Parkinson's is a progressive disease, and symptoms worsen over time. This commonly used system describes the stages of Parkinson's and what symptoms to expect during each phase.
Use the search bar-see the 3 short horizontal lines above, in the blue navigation bar? Click there.
Peruse all things Parkinsons, then come back here for support anytime, Charlee05, this is your question, and you are the OP, original poster.
Remember your original question so you can find your way back.
Bless you and your Dad, and your family.
..
To prevent aspiration of liquids, which can lead to pneumonia, don't let him drink with a straw. Get some of those cups for babies--Dad says they have a "tooth" on them to drink through--that keeps him from sucking in air with his drink.
See if his physician will refer him for hospice care. They will provide a walker, hospital bed, wheel chair, incontinence supplies, advice and support.
If he doesn't have a living will, health care POA, financial POA, etc., and is still mentally capable of agreeing to these,
get them done ASAP.
If he's still trying to drive, stop that. If you have to, just tell him it's only until he gets better.
Don't argue with him about the delusions if you can think of a way to "acknowledge and redirect." When Dad thought the police were coming to arrest him, his son just said, "Dad, it's taken care of. I know all those guys, I talked to them and explained everything, and they left and aren't coming back." We found it's simpler to not let him hear news reports or TV shows that suggest bad events, because he seems to think he is part of the story--hence, police after him.
Everyone is different. Dad was like yours for several months, has been housebound since May, and now is mostly in bed sleeping. Mother-in-law practically forces him to eat, which he doesn't want, and has, IMHO, probably just prolonged his suffering.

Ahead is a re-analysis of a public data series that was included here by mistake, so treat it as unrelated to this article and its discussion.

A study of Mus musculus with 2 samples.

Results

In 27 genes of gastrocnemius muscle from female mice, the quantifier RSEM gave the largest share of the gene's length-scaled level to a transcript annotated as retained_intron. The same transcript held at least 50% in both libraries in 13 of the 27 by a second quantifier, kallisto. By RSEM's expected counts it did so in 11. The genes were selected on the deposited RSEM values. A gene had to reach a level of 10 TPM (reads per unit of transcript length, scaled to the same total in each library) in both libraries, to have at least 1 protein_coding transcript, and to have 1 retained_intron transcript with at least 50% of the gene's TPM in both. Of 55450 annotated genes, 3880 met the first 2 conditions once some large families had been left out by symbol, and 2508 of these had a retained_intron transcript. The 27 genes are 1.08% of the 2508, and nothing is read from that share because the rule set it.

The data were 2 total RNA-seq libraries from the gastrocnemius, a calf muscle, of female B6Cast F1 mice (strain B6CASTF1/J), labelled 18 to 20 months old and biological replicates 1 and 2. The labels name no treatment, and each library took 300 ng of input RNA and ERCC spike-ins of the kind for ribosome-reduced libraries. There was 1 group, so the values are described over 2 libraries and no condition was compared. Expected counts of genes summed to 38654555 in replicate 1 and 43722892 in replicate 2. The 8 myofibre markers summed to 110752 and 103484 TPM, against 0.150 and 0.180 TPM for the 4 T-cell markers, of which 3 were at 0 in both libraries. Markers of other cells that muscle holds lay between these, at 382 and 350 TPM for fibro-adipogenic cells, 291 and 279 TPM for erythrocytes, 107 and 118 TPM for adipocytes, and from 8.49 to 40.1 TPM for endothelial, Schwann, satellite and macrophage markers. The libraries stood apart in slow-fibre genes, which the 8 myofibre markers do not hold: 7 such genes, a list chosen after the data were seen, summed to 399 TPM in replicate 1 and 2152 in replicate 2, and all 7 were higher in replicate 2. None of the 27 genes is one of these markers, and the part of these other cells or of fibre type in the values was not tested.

You need tons of patience and
help. Get it wherever you can.
Have your Dad evaluated they will determine if he is eligible and what the next course of action would be.
There are many "signs" that one is at end of life but how long it takes to get to the end point is different for everyone. My husband sleeps a lot, 18 to 20 hours a day, he no longer talks or walks but God bless him he will still feed himself.
The call to Hospice will be an easy one, they will evaluate your Dad and if he is determined to be eligible he will begin getting services right away. They will make sure he is comfortable and provide supplies you need.
Hospice does not "kill people". Hospice does not "drug people so they die faster". Hospice in some cases extends life as some people begin getting more personalized attention. Hospice is comfort focused, patient focused, family focused.
It was the best thing we ever did for my husband. For weeks, they were there to help the family understand what was going on each step of the way.
And help us to deal with the reality. Gave us confidence and peace even though it was sad. I wish the same for you. Malachy

What does the Parkinson's specialist who is treating him think?

You might want to consider asking hospice to evaluate him.